When I asked Alex Ross if I could excerpt the epilogue (below) of his eloquent and persuasive The Rest is Noise: Listening to the 20th Century, he surprised me by saying it was the section he reworked the most. The conclusion follows so perfectly from the history and arguments that precede it, I imagined him sitting down and dashing the finale off in an afternoon. But of course, this is what good writers do: they go over their arguments until the effort doesn’t show.
If you’d like to win a copy of The Rest is Noise, email me at maud [at] maudnewton [dot] com between now and 11:59 p.m. EST with the words “Alex Ross” in the subject line. All entries will be assigned numbers based on the order received, and a randomizer will choose the winner. A.H. Wessel of Miami wins the copy.
Extremes become their opposites in time. Schoenberg’s scandal-making chords, totems of the Viennese artist in revolt against bourgeois society, seep into Hollywood thrillers and postwar jazz. The supercompact twelve-tone material of Webern’s Piano Variations mutates over a generation or two into La Monte Young’s Second Dream of the High-Tension Line Stepdown Transformer. Morton Feldman’s indeterminate notation leads circuitously to the Beatles’ “A Day in the Life.” Steve Reich’s gradual process infiltrates chart-topping albums by the bands Talking Heads and U2. There is no escaping the interconnectedness of musical experience, even if composers try to barricade themselves against the outer world or to control the reception of their work. Music history is too often treated as a kind of Mercator projection of the globe, a flat image representing a landscape that is in reality borderless and continuous.
At the beginning of the twenty-first century, the impulse to pit classical music against pop culture no longer makes intellectual or emotional sense. Young composers have grown up with pop music ringing in their ears, and they make use of it or ignore it as the occasion demands. They are seeking the middle group between the life of the mind and the noise of the street. Likewise, some of the liveliest reactions to twentieth-century and contemporary classical music have come from the pop arena, roughly defined. The microtonal tunings of Sonic Youth, the opulent harmonic designs of Radiohead, the fractured, fast-shifting time signatures of math rock and intelligent dance music, the elegaic orchestral arrangments that underpin songs by Sufjan Stevens and Joanna Newsom: all these carry on the long-running conversation between classical and popular traditions.
Björk is a modern pop artist deeply affected by the twentieth-century classical repertory that she absorbed in music school — Stockhausen’s electronic pieces, the organ music of Messiaen, the spiritual minimalism of Arvo Pärt. If you were to listen blind to Björk’s “An Echo, A Stain,” in which the singer declaims fragmentary melodies against a soft cluster of choral voices, and then move on to Osvaldo Golijov’s song cycle Ayre, where pulsating dance beats underpin multi-ethnic songs of Moorish Spain, you might conclude that Björk’s was the classical composition and Golijov’s was something else. One possible destination for twenty-first-century music is a final “great fusion”: intelligent pop artists and extroverted composers speaking more or less the same language.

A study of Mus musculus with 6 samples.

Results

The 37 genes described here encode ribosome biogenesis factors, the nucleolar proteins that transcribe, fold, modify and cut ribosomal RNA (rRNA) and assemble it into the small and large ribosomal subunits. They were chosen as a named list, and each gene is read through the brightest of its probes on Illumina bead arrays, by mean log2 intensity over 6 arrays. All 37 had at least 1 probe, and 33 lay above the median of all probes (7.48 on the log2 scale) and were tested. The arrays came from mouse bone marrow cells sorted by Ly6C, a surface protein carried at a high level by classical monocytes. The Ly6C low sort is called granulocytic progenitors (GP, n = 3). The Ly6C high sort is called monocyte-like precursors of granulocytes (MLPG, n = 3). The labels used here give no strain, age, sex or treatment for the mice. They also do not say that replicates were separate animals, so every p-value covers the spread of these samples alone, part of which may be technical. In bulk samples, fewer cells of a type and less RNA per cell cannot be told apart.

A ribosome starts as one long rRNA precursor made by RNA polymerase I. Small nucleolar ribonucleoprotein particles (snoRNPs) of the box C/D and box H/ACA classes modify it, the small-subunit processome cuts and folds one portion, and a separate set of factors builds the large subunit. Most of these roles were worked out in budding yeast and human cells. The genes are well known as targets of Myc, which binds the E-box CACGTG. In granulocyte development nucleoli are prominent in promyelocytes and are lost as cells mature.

Sterner spirits will undoubtedly continue to insist on fundamental differences in musical vocabulary, attaching themselves to the venerable orchestral and operatic traditions of the Baroque, Classical, and Romantic eras or the now equally venerable practices of twentieth-century modernism. Already in the first years of the new century composers have produced works of monumental character that invite comparison to the symphonies of Mahler and the operas of Strauss. Thomas Adés’s The Tempest, first heard at Covent Garden in 2004, shows that a composer can still write a grand opera of ornate design and airy power in an atomizing digital age. The following year saw the premiere of John Adam’s Doctor Atomic, an opera about the testing of the first atomic bomb. Holding his lyricism in reserve, Adams marshals a ghoulish army of twentieth-century styles to summon the awe and dread of the atomic morning. Georg Friedrich Haas’s sixty-five-minute ensemblie piece in vain may mark a new departure in Austro-German music, joining spectral harmony to a vast Brucknerian structure.
If twenty-first-century composition appears to have a split personality — sometimes intent on embracing everything, sometimes longing to be lost to the world — its ambivalence is nothing new. The debate over the merits of engagement and withdrawal has gone on for centuries. In the fourteenth century, Ars Nova composers engendered controversy by inserting secular tunes into the Mass Ordinary. Around 1600, Monteverdi’s forcefully melodic style sounded crude and libertine to adherents of rule-bound Renaissance polyphony. In nineteenth-century Vienna, the extroverted brilliance of Rossini’s comic operas was judged against the inward enigmas of Beethoven’s late quartets. Composition only gains power from failing to decide the eternal dispute. In a decentered culture, it has the chance to play a kind of godfather role, able to assimilate anything new because it has assimilated everything in the past.
Composers may never match their popular counterparts in instant impact, but, in the freedom of their solitude, they can communicate experiences of singular intensity. Unfolding large forms, engaging the complex forces, traversing the spectrum from noise to silence, they show the way to what Claude Debussy once called the “imaginary country, that’s to say one that can’t be found on the map.”